Posted by Bill Sandweg.
Willie Sutton, the Depression era bankrobber, when asked why he robbed banks, famously responded, “That’s where the money is.” Today, the money is in illegal drugs and the Medicare program. Foreign drug cartels make huge profits smuggling illegal drugs into the United States. Even larger amounts of money flow through the Medicare program. Health care professionals see these money flows and often cannot resist the urge to cash in. Here are some recent examples.
A long-time Philadelphia pharmacist has admitted committing a whole range of crimes relating to the distribution of oxycodone and fraud. In addition to filling prescriptions that were obviously altered or were suspicious for other reasons, the pharmacy had a range of patients on whose records it noted “BBDF,” which meant Bill But Don’t Fill. For these patients, the pharmacy regularly billed their insurers and Medicare for prescriptions that were never filled. The pharmacy and the pharmacist, in addition to jail time for the pharmacist, have agreed to pay over $4M in civil fines, restitution, and forfeiture.
A Certified Nurse Practitioner pleaded guilty to charges of drug diversion and health care fraud. He wrote phony prescriptions for Adderall, which he sold, and fraudulently billed insurers and Medicare for the medications. He faces up to 30 years in prison.
A Texas family practice doctor ran what can only be charitably described as a pill mill. He would pre-sign prescriptions for hydrocodone and give them to his nurses. The nurses would see the patients who came to the office with complaints of “pain” and who would leave with prescriptions for the strongest possible doses of hydrocodone. The nurses would be paid on the basis of how many pills they prescribed. Medicare was billed for the office visits as though the doctor had seen the patients, even when he did not. The doctor pleaded guilty and is awaiting sentencing.
Of course, pills aren’t the only way to defraud Medicare or health insurance companies. Kickbacks, phony bills for services never performed, and unnecessary surgery are time-honored methods as well.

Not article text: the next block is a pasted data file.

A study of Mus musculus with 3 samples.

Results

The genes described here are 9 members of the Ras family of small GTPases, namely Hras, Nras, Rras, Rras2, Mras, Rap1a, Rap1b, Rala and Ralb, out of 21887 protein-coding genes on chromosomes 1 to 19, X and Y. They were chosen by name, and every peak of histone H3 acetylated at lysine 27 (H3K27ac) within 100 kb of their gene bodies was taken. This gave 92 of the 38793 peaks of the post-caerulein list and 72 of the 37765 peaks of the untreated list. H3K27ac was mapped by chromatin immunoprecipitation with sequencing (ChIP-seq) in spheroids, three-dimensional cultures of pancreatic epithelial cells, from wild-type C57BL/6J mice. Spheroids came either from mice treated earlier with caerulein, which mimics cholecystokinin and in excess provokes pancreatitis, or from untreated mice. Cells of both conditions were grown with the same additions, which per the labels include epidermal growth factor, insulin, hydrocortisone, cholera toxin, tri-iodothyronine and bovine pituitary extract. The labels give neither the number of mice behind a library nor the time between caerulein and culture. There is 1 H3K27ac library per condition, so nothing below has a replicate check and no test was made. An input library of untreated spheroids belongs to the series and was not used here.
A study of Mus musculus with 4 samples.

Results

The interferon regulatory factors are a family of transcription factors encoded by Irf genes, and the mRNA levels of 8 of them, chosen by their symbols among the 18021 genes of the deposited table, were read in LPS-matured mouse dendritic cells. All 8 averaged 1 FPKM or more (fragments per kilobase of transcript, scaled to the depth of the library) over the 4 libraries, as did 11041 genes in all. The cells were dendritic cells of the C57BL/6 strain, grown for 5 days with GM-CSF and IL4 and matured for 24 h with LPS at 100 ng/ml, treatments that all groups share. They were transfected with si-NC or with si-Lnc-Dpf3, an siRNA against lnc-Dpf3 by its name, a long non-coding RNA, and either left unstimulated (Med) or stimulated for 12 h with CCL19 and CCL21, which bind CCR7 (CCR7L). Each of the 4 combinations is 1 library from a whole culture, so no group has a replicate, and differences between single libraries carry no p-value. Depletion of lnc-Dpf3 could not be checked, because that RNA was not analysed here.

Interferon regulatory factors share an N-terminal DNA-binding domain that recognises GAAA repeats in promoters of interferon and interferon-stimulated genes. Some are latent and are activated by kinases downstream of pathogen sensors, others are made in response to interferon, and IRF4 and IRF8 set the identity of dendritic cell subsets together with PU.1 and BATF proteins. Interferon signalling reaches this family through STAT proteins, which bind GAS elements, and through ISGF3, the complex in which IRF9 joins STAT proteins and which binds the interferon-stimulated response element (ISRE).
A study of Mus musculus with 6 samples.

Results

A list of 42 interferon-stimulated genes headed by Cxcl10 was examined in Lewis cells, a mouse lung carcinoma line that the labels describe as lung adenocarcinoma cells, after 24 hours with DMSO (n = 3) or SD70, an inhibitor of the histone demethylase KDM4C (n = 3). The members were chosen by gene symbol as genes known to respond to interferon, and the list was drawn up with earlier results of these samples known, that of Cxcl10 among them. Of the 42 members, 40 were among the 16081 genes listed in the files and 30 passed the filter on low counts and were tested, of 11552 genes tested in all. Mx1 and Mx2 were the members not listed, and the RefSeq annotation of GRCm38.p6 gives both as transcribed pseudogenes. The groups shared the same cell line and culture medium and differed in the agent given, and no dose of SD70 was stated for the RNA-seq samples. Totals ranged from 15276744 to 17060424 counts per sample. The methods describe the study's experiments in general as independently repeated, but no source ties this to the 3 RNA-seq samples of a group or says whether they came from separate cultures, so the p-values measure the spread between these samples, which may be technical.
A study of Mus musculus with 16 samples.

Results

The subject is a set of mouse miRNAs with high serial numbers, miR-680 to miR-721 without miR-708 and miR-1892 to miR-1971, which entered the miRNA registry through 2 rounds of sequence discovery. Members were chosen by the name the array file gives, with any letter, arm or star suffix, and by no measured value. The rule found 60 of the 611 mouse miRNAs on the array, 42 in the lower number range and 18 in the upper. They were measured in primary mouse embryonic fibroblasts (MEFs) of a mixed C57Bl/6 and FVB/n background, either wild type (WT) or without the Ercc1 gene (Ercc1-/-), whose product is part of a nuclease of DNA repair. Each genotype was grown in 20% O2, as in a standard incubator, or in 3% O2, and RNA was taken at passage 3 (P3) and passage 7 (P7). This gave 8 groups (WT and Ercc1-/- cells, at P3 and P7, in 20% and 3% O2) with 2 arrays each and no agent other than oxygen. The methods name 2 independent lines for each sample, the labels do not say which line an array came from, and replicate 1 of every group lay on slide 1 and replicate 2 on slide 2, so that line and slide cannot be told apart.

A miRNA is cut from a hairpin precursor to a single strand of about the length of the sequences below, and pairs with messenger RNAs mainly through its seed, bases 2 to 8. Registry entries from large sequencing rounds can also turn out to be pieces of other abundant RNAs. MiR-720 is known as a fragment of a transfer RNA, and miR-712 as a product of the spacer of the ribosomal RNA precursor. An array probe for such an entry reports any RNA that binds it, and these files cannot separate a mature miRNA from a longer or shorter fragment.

A Florida hematology and oncology practice has agreed to reimburse the federal government and the State of Florida $130,000 in response to charges that it received impermissible kickbacks from a drug distributor for cancer drugs it administered to its patients. The drug distributor reached its own settlement with authorities and agreed to pay over $13M.
A doctor in the State of Washington has admitted guilt in connection with a scheme in which he ordered medically unnecessary genetic tests for elderly Medicare patients, whom he had never met. Telemarketers would contact these elderly patients and persuade them to speak to the doctor over the phone. Following the phone call, which was billed to Medicare as telemedicine, the doctor would order the test and receive a fee. Medicare would also be billed for the tests. The scheme cost Medicare over $18M before it was uncovered.
A Massachusetts nurse has pleaded guilty to participating in a conspiracy that resulted in over $100M of fraudulent charges to Medicare and a companion Massachusetts program for home health care services that were unnecessary or not ever performed. The conspirators also paid kickbacks for patient referrals and “hired” family members of the patient to be home health caregivers.
According to a lengthy investigation by the Arizona Republic, a local vascular surgeon collects more money from the Medicare program than almost anyone else in the country. He has been sued multiple times with allegations that many of his patients do not need the expensive surgeries he performs and that his malpractice has caused many of them to lose their lower legs.
As long as America has an unquenchable thirst for drugs they can use to get high, there will be unscrupulous people willing to supply those drugs. Similarly, whenever there is a program that handles billions of dollars each year, fraudsters and dishonest people will be looking for a way to divert some of that money to themselves. We just have to hope that those charged with safeguarding those funds and those programs are alert and doing their jobs watching for fraud and drug conspiracies.